When Sandy Hook School was attacked, 20 children slaughtered, 6 staff members murdered along with them, I wanted to huddle inside my own house. My little bubble was okay, no matter how awful the scene was in Newtown, Connecticut.
That fragile circle around my world didn’t stay whole, though. My bubble, the bubble that includes my students, was breached.
A man shot and killed three on a walking trail near my town in May of 2015 – just three years ago. A fourth person was wounded, but made it to safety. The shooter turned the gun on himself, and he died on the way to the hospital.
The next day, I learned that the 10 year old girl killed on the trail was a close friend of one of my students. Ten years old! With a close friend lost to gun violence! My bubble, like theirs, exploded.
About a year later, in a small Wisconsin town, a young man approached the high school prom and shot two students as they exited the dance. The two prom-goers survived; the shooter was shot by a police liaison officer and died on the scene.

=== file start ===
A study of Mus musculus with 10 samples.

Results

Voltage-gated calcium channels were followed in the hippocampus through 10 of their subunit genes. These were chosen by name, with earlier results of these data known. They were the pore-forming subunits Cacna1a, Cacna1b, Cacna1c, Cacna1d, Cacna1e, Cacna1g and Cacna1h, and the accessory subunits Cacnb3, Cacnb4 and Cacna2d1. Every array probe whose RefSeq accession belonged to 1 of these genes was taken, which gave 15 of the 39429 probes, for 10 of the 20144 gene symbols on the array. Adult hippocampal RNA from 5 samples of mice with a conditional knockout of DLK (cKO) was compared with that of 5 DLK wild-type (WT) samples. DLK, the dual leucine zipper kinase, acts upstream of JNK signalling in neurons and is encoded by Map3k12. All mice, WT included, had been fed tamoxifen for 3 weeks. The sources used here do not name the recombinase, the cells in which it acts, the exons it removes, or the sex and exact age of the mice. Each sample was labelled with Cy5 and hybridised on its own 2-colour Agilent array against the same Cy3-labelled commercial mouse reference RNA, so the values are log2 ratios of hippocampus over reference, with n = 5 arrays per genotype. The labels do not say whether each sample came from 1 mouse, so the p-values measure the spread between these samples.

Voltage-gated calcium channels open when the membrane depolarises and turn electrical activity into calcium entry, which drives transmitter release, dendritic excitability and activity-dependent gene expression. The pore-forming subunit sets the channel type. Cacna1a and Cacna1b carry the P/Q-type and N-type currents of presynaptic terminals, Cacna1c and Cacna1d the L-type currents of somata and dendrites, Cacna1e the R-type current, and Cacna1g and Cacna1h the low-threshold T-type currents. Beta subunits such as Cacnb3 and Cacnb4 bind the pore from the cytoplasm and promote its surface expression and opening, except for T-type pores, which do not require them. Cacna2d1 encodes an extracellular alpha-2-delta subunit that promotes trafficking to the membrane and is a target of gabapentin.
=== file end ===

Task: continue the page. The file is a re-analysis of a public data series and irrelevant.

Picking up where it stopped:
Days later, I spent time listening to one of my students and her mother, both of whom knew the shooter well. The girl schooled online through my school, so she wasn’t in classes with the young people involved, but it’s a small town. Everyone knew him, everyone knew his mother. By extension, as a teacher, I was part of their bubble.
It’s the concentric circle theory, like dropping a pebble in water, but it’s a gunshot, not a pebble, spreading its impact. I hate the idea that someday it will be commonplace, not unique, to have a bubble burst by a shooting. I haven’t experienced a shooting, thank God, but I’ve been close enough to people who have.
Unfortunately, I feel all too far away from those who could make change and stop mass shootings from becoming everyday, all too common events. Those in Congress, in the Senate, and in the White House need to pass meaningful legislation, and pass it now.